Spring vegetable dip with chevre and asparagus

Hello from England! I’m sitting here in a coffee shop looking out at centuries-old buildings, drinking what might be the only decent latte in all of Oxfordshire, sitting next to a man who looks just like Slavoj Žižek. Lee just marched off in her fancy dress and Harry Potter cape to take a final exam.

(Speaking of this coffeeshop, can we talk about the fact that when I’m not in Portland, I find the most Portland place possible? In the middle of Oxford, the baristas here are all tattooed and thrift shop chic and playing Jay-Z. We were in Amsterdam last week, and we were wandering a lot. When Lee was leading, we ended up at a synagogue and a convenience store full of butch lesbians. When I was leading, we ended up in a square with an artisanal chocolate shop and a coffee shop with twelve types of pour-overs. I’m hopeless.)

England’s about a month behind Oregon, so when I left, our lilacs were dried and brown, and the summer heat was starting to show off what it can do. But here, it’s still a little chilly, and there’s asparagus! Asparagus! I’ve become a little obsessed with wild asparagus (blame this picture), and yesterday’s late night wikipedia-ing led me to the information that Germany’s asparagus season goes until June 24th(!) So that’s my excuse for posting a recipe that might be a little out of season for most of you. I’m in Europe! Things are different here!


A few notes: Bake this fresh. It was not nearly as good the second day, especially the browned edges which got kind of… gross. Not terrible, but not wedding worthy. And I took the mint out of this recipe, because the first bite was great, but after that it was distracting and kind of unpleasant.

Timing: Chopping took me 10-15 minutes (I was multi-tasking, though, so you might be able to cut that down). Cooking the sauce took me 20 minutes, and assembling took me 7 minutes (you could easily do multiple batches of all of this at the same time). Baking took 20 minutes, resting took another 5.

–       Refrigeration: Like I said, bake it fresh. Once you stick it in the fridge, the texture really suffers.
–       Sitting around: With my normal disclaimer of please don’t give yourself or your guests food poisoning, this did pretty well on the counter. It sat there for two hours and was still great. It doesn’t need to be hot or even warm, room temperature is great.
–       Freezing: TBA.

Equipment: Knives, cutting board, bowls for chopped veggies, saucepan, 4-5 cup baking dish per batch.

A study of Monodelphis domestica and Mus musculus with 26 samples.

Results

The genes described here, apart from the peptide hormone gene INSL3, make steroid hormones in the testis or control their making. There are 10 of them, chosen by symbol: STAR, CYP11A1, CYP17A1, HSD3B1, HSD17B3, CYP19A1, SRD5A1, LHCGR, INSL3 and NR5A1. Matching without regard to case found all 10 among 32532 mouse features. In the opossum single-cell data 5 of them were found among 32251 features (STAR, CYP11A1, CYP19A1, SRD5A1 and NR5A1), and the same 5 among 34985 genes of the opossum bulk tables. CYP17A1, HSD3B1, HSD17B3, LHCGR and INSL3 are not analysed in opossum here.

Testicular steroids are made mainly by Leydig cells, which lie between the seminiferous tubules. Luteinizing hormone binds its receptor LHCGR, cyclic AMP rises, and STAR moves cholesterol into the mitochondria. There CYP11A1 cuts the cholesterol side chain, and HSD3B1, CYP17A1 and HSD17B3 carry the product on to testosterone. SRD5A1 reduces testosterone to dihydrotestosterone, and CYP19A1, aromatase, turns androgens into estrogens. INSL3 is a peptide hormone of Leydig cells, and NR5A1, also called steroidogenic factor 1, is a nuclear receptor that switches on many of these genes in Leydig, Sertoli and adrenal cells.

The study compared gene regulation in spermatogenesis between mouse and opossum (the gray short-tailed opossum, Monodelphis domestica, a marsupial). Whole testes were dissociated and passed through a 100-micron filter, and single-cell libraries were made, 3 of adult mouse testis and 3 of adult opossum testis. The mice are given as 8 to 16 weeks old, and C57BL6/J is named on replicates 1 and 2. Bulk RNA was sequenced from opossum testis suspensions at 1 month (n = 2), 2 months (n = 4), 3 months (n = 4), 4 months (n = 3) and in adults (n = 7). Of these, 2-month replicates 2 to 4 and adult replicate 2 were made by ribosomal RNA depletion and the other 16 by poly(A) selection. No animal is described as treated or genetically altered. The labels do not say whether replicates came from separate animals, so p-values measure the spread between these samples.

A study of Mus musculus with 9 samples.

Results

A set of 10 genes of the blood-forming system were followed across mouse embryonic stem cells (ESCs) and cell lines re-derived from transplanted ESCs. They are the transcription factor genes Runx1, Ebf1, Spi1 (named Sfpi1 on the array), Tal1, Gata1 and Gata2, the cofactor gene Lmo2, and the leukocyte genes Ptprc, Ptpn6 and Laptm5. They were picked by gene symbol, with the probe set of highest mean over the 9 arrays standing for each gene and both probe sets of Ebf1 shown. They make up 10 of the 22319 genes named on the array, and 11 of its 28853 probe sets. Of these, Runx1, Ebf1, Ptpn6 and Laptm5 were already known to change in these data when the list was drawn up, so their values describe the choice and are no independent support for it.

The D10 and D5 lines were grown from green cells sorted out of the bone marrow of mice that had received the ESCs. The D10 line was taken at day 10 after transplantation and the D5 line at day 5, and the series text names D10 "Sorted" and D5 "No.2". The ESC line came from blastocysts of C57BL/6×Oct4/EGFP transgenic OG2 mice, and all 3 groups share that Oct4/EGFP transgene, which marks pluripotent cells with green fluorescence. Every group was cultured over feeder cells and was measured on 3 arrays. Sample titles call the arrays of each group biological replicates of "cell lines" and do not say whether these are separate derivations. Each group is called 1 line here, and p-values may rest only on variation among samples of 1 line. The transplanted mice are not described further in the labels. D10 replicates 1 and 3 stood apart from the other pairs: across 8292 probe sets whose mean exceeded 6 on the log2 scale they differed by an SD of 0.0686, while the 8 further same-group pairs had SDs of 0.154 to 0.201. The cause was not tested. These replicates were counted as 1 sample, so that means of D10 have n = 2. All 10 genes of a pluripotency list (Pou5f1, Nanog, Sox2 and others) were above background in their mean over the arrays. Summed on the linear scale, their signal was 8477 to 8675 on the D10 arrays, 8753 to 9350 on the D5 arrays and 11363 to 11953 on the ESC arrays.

Spring vegetable dip with chevre and asparagus
Adapted from this recipe.

1 cup 3/4-inch pieces asparagus, tips reserved
2 tablespoons butter
1 cup chopped leeks (white and pale-green parts only)
2 tablespoons all-purpose flour
1 1/4 cups whole milk
1 cup grated white cheddar (BA recommended mild, I used a sharp)
1 14-ounce can artichoke hearts in water, drained and chopped
1/4 cup peas (I used frozen)
3 tablespoons chopped fresh chives
2 tablespoons chopped fresh parsley
1/2 teaspoon grated lemon zest
salt + pepper, to taste
4 ounces crumbled fresh goat cheese, divided
Baguette slices, to serve (1-2 baguettes worth)

Preheat the oven to 450 degrees. Boil a pot of water, add asparagus, cook for 2 or so minutes, until it’s tender but still crisp. Drain it and let it cool.

Melt butter in a decent-sized saucepan on medium heat. Add the leeks, and cook them for about ten minutes, until they’re soft. Whisk in the flour until the butter-flour mixture is smooth. Add the milk, a small amount at a time, until you’ve added about half of it, at which point you can add larger amounts. Whisking the whole time, bring the mixture to a simmer, then cook it until it’s thickened (about 3-5 minutes). Remove it from the heat.

Add the cheddar to the milk-leek mixture, then whisk until the sauce is smooth. Fold in the asparagus (tips reserved), artichoke, peas, chives, parsley, lemon zest, and half of the goat cheese.

Transfer it all to a 4-5 cup baking dish. Arrange the asparagus tips and remaining two ounces of goat cheese prettily on top. Bake it for 15-20 minutes, until it’s golden (especially around the edges) and bubbling. Let it rest for at least 5 minutes before serving with slices of baguette.